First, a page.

Boris Johnson 'could be forced to open No 10 to public' if he uses charity to pay for flat refurbishment

·3 min read
Boris Johnson

Boris Johnson could be forced to open up Number 10 to the public if he presses ahead with proposals to fund the renovation of his official flat through charitable donations, a leading expert has claimed.

Sir Stephen Bubb, the acting director of the Oxford Institute of Charity, said increasing accessibility to the building may be the only way to ensure the proposed charity met the requirements to provide a “public benefit.”

Speaking to The Telegraph on Tuesday, Sir Stephen, who also runs the Charity Futures think tank, suggested the move would mirror the transparency displayed by Jackie Kennedy, the former First Lady of the United States.

In 1962, Mrs Kennedy, the wife of John F Kennedy, famously opened up the White House to television cameras following a $2 million refurbishment.

“There has to be a public benefit, that’s absolutely key,” Sir Stephen said. “The only way in which a charity could be registered is if all of Number 10 - including the private quarters - were made available for the public to view. We look forward to the Grand Designs programme.”

It came as the Prime Minister’s spokesman on Tuesday refused to deny reports that Mr Johnson is considering plans to set up a charity to fund the preservation of Number 10 and Number 11 on heritage grounds.

It would resemble the presidential charity which is used to fund interior design, antiques and art in the White House, and reportedly would be headed by Conservative peer Lord Brownlow, a financier with close links to the Royal Family.

Kennedys
Kennedys

However, according to the Daily Mail, insiders claim its real intention is to cover the mounting costs of the refurbishment of the Number 11 flat - which Mr Johnson opted for over the smaller Number 10 flat - which has been redecorated by Carrie Symonds, his fiancée.

While prime ministers are entitled to a £30,000 taxpayer-funded annual allowance for makeovers, Mr Johnson is said to have claimed privately that the cost was “over a hundred grand.”

The revelations have prompted concerns that the charity could represent a conflict of interest, as it would be seen as a vehicle for wealthy Conservative donors to provide a personal benefit to the prime minister.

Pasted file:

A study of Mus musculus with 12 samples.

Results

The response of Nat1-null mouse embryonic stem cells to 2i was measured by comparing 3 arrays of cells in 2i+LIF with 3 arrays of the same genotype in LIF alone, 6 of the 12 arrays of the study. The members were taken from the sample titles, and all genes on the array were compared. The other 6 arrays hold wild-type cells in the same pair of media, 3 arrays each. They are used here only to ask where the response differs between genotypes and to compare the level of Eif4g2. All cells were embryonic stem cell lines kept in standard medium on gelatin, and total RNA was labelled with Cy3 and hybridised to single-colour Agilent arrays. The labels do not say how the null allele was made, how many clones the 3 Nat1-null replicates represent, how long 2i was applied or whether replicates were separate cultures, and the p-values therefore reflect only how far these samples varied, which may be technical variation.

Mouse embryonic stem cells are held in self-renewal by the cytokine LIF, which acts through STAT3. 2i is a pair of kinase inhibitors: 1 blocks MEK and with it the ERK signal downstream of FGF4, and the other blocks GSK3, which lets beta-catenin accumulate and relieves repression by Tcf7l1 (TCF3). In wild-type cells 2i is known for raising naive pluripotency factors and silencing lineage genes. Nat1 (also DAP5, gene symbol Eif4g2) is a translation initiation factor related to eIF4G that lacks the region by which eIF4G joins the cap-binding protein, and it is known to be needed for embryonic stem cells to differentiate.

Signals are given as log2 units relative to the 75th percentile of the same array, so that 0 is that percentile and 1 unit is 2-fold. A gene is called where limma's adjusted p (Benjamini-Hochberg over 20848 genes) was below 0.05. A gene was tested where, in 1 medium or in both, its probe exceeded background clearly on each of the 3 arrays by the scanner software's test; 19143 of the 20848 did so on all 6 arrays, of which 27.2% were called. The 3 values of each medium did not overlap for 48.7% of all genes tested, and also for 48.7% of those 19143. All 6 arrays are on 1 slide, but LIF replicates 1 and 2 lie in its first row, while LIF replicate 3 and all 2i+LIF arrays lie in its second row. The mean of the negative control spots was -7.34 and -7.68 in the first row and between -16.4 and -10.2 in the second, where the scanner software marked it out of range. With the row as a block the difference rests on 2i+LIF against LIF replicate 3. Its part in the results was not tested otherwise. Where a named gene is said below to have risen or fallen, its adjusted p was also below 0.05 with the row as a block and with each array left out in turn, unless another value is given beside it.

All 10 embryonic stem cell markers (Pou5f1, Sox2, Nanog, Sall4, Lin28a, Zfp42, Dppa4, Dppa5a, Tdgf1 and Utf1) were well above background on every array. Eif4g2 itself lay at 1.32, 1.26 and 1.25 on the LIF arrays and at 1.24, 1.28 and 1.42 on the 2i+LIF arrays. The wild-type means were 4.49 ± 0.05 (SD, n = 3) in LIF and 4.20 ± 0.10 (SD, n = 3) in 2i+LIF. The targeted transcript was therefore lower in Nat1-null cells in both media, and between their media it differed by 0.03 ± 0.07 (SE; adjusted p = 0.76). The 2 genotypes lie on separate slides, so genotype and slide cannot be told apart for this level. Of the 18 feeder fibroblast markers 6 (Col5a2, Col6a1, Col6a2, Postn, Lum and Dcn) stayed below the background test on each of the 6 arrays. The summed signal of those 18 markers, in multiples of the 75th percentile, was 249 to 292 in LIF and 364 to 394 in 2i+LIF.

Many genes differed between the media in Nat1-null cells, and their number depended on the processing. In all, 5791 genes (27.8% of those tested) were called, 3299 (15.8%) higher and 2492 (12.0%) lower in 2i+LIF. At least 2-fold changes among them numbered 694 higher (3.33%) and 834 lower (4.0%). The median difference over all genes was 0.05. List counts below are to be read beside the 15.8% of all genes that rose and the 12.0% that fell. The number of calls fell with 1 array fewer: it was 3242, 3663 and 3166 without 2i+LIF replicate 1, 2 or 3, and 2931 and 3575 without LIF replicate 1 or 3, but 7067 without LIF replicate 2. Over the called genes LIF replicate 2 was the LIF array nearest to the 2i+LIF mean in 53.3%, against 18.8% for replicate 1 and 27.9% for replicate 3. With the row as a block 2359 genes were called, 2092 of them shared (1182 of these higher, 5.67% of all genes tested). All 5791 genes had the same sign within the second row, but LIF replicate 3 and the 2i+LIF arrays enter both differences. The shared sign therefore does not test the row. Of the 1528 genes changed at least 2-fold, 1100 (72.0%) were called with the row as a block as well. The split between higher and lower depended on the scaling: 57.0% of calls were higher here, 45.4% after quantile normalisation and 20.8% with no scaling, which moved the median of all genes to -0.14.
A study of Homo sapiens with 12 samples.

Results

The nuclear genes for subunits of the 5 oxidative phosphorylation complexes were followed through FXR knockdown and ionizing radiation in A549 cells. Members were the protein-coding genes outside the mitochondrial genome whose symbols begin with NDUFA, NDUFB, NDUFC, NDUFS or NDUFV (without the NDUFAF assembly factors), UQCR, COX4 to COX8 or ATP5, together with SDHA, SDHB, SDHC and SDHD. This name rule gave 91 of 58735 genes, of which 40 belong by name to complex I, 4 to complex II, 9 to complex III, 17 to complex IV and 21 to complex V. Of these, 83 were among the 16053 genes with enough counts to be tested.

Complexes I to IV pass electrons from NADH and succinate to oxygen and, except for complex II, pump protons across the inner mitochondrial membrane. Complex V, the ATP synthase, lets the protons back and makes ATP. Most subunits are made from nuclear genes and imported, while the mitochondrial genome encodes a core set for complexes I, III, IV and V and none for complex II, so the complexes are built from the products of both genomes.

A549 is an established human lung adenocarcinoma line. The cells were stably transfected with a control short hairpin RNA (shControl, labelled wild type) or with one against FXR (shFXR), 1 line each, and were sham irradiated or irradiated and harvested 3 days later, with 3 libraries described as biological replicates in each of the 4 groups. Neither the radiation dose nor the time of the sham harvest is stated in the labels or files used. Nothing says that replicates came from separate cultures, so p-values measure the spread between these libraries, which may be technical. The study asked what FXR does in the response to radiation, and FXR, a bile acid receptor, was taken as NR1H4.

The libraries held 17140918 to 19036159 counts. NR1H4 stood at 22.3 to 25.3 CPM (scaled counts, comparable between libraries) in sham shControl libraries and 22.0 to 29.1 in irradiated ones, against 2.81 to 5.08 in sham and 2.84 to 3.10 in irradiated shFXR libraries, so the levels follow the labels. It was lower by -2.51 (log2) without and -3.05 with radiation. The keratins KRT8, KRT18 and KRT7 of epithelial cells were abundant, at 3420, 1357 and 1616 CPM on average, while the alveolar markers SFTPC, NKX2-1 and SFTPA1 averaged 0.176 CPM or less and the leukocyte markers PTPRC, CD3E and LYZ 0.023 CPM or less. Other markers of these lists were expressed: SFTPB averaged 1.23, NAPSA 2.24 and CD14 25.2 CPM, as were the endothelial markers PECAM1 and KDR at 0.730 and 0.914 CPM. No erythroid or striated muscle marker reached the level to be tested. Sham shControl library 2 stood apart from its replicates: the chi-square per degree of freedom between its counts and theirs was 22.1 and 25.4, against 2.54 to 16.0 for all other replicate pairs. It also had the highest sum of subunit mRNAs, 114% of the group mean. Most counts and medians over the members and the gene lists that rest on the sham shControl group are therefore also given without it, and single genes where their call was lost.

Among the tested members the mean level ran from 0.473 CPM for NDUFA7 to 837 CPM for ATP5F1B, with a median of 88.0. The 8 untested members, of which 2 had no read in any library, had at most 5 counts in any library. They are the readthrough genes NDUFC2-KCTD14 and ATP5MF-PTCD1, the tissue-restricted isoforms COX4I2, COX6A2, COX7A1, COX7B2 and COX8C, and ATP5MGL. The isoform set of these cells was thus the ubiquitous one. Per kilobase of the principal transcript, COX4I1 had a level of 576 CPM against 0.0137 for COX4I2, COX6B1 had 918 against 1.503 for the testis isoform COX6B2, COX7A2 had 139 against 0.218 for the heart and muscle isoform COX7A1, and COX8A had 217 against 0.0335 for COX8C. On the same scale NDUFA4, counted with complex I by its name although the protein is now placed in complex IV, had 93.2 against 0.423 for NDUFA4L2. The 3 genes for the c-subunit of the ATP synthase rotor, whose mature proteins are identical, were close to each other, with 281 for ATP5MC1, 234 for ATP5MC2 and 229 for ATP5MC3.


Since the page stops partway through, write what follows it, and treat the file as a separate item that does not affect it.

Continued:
In response, Labour wrote to Mr Johnson asking him to justify the renovations, as well as confirming the total costs and whether Conservative donors had been approached.

Critics also pointed out that David Cameron, who also made extensive renovations to the flat, had paid for kitchen fixtures and fittings after using up the allowance.

Echoing their concerns, Sir Stephen told this newspaper that the charity was likely to fall foul of the Charity Commission’s public benefit requirement.

He added: “At a time when the collapse in funding for charities is catastrophic, the idea that you would set up another charity simply to refurbish the private rooms of the Prime Minister is fairly outrageous.”

The regulator said it was unaware of any application and declined to comment on whether the proposal would meet its tests.

A spokesman said: “The Commission has not, at this point, received an application from any organisation with aims to preserve or maintain Downing Street. We scrutinise all applications carefully against a clear legal framework, set by Parliament.”

Sir Stephen was joined by Sir Alistair Graham, the a former chairman of the Committee on Standards in Public Life, who dismissed the idea as “monstrous”, telling The Times: “If you’re making a donation, you’re making it to a political party for the purposes of ensuring that party stays in power, you don’t do it for the personal benefit of the leader of the party.”

The Prime Minister's official spokesman said: "Matters concerning any work on Downing Street, including the residences, are covered in the Cabinet Office annual report and accounts. That is where we set out the details of what has happened.

"Downing Street is a working building, as has been the case under successive administrations, refurbishment and maintenance are made periodically."